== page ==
Energy companies are cashing in on Government subsidies by building wind farms that will never make any money because they are being constructed on sites with not enough wind, it has been claimed.
To meet EU targets for renewable energy, the Government has subsidised the wind turbine industry by half a billion pounds. Yet companies have not managed to deliver even 0.5 per cent of Britain's electricity needs.
Britain must produce 20 per cent of its energy from renewable sources by 2020, a target that the Government admits it is struggling to meet.
Companies that meet green energy targets receive Government cash under the Renewables Obligation Certificate Scheme (ROCs). Experts told Costing the Earth on Radio 4 that claims of wind farm potential were being overestimated by companies keen to receive subsidies.
Michael Jefferson, policies chairman of the World Renewable Energy Network and former chief economist with Shell, believes the industry is encouraged to exaggerate wind speeds and the amount of potential wind energy a farm can supply.
He believes there are many poorly sited farms in England, particularly in areas with relatively little wind such as the Midlands.
"We should be putting our money where the wind is and that is quite often not where the development pressure is," Mr Jefferson said.
Jim Oswald, an engineering consultant, analysed figures submitted to the electricity watchdog Ofgem on every wind farm's load factor - the amount of wind generated across the year.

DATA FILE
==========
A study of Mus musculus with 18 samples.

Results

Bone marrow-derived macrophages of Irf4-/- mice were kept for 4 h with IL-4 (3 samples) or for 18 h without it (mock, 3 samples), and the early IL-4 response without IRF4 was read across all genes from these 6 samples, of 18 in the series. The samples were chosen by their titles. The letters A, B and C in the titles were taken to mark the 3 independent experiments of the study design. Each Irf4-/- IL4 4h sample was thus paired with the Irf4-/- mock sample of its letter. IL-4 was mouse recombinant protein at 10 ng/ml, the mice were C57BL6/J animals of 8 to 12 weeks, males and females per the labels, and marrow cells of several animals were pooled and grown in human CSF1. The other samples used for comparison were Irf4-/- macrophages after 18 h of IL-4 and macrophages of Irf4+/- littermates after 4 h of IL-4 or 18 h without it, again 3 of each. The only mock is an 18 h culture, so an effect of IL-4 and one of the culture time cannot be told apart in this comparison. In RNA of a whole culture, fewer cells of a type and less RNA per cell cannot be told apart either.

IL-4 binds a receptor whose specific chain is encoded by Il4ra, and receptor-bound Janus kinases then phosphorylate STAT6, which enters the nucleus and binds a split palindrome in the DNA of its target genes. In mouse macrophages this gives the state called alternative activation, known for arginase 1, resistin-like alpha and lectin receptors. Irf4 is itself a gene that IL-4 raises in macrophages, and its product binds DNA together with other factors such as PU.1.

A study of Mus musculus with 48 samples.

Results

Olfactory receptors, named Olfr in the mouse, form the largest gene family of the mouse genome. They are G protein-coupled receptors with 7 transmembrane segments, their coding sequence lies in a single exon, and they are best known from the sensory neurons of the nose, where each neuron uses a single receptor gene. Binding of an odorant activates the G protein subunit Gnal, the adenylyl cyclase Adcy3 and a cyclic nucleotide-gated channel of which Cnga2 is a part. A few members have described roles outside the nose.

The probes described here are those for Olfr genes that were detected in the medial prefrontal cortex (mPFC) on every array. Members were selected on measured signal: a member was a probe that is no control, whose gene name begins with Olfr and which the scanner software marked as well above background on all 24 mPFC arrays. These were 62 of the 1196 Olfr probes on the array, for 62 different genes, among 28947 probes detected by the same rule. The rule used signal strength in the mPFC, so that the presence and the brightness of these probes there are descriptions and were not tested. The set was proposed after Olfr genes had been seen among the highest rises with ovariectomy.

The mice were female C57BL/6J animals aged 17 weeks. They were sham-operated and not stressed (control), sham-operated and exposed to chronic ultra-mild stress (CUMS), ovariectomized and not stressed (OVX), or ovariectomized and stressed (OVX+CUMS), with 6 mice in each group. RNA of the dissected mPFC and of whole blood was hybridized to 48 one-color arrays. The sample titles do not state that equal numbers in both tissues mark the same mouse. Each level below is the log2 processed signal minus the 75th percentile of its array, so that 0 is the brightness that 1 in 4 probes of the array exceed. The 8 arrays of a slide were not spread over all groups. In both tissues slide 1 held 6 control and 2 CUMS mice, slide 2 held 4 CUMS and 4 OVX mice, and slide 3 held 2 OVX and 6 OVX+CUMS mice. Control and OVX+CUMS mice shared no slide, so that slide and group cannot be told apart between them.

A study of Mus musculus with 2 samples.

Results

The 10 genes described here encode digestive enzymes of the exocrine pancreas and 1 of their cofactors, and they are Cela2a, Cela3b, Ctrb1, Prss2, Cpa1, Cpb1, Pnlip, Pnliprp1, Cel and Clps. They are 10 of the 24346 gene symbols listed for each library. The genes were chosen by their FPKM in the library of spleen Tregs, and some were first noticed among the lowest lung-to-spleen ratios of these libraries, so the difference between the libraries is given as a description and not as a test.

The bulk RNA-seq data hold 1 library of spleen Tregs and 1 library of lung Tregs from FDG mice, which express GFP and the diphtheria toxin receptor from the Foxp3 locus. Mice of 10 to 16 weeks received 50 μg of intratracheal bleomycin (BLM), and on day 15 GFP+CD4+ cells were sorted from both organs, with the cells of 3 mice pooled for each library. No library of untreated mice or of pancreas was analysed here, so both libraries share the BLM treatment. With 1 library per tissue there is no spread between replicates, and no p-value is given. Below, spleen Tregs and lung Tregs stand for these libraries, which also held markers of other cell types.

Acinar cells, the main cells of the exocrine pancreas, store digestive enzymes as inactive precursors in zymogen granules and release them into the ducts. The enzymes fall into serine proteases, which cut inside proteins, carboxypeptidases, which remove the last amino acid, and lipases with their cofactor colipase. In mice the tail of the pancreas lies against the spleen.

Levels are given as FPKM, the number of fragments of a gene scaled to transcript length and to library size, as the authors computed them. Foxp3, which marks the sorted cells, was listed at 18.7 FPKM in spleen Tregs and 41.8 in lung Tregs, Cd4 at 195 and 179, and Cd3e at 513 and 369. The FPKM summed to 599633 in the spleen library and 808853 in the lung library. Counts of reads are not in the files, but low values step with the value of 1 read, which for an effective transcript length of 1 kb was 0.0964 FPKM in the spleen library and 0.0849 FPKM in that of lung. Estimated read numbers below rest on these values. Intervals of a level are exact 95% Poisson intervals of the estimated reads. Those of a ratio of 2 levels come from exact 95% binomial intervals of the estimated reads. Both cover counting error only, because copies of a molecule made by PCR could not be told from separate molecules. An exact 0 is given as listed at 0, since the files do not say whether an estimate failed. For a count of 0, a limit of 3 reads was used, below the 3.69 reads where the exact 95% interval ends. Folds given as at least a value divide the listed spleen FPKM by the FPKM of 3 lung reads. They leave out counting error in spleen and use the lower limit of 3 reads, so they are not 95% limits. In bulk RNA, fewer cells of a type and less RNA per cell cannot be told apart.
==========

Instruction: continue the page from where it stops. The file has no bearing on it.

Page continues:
The recommended load factor for a viable wind development is 30 per cent, but he said the average across Britain was 28 per cent. The problem lied with the volatility of the wind, he added.
Britain is not consistently windy enough to generate a regular energy supply and there is no way of storing wind energy, a drawback in a country that sometimes experiences strong winds, but often no wind at all.
"It's the power swings that worry us. Over a 20-hour period you can go from almost 100 per cent wind output to 20 per cent."
An over reliance on wind power could result in power failures and higher electricity bills, he said, adding that the network needed to be redesigned.
The British Wind Energy Association (BWEA) rejected the claims. It said subsidies were not paid for the building of farms, only per unit of electricity supplied to the National Grid.
Maria McCaffery, the chief executive, said: "Nobody in their right mind, not a developer and not the Government, would support the building of a wind farm where the wind speeds are not high enough to generate a viable amount of electricity. It's absolute nonsense."
"The only pertinent figure is the amount of electricity actually supplied and there is a fixed amount of subsidy per unit of energy. You are only subsidised for what you produce."
She said most farms would be generating some electricity for 85 per cent of the time.
She admitted that not every wind farm could be located in areas of highest wind speed, but instead the industry had to identify areas where wind speeds were "good enough" to be economically viable.
Mr Jefferson and Mr Oswald criticised the fact that some wind farms in remote areas such as northern Scotland were sitting idle because they were not connected to the National Grid.
But Ms McCaffery said the connection backlog was being tackled and in the meantime these plants were not receiving subsidy.
Malcolm Wicks, the energy minister, has insisted that wind energy is an important part of Britain's energy needs.
He said the Government was encouraging more offshore wind farms combined with tidal and marine power plants.